Stafford Hospital targets bowel cancer in under-60s
Stafford Hospital has become the first in the UK to employ a dedicated nurse for bowel cancer in the under 60s.
Cancer support charity Macmillan has supplied the nurse - who will look for the condition in people as young as 18 - to the Mid Staffordshire Trust.
The post is partly funded by a charity run by Christine Woodward - whose son died from the disease.
The trust said it would also be able to offer family genetic screening for bowel cancer for the first time.
The new three-year pilot service aims to identify high-risk patients and support cases of bowel cancer in younger patients earlier by removing the age criterion, which is currently 60.
This post will be based primarily at Stafford Hospital, with clinics held at Cannock Chase Hospital, and has been paid for by the Martin Woodward Cancer Trust and Macmillan Cancer Support.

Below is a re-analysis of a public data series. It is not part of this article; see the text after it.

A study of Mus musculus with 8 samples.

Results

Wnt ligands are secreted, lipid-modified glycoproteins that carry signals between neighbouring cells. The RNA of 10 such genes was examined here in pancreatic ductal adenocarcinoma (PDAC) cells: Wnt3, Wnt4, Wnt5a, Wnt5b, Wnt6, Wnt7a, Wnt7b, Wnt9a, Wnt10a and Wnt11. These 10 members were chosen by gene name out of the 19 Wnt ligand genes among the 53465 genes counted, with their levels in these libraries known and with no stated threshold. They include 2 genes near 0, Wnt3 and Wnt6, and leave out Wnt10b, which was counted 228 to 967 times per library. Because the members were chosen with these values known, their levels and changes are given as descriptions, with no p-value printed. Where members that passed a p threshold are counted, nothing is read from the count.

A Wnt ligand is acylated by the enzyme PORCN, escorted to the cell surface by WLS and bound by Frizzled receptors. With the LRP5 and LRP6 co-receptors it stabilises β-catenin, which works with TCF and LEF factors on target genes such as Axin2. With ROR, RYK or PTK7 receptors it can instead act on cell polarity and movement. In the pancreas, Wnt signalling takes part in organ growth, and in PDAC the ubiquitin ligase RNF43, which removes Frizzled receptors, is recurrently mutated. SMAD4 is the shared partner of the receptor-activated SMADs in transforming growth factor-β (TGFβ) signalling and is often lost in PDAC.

Mrs Woodward, who set up the trust in memory of her son, said: "Martin died 23 days after surgery, from bowel cancer he did not know he had - early diagnosis could have saved his life.
"The launch of this project is the culmination of several years' hard work and we hope it will help prevent other families from experiencing what we have gone through. That has been our only aim from the start."
Sunitha Rajan, the new Macmillan nurse, said: "I was very touched by Martin's story and am confident that this new service will save lives.
"If all goes to plan, it will mean the signs and symptoms of colorectal cancer in those aged 18-59 will be recognised more frequently both by the public and by GPs.
"GPs have been notified of the new service and have also been asked not to assume that a patient doesn't have bowel cancer, based solely on their age."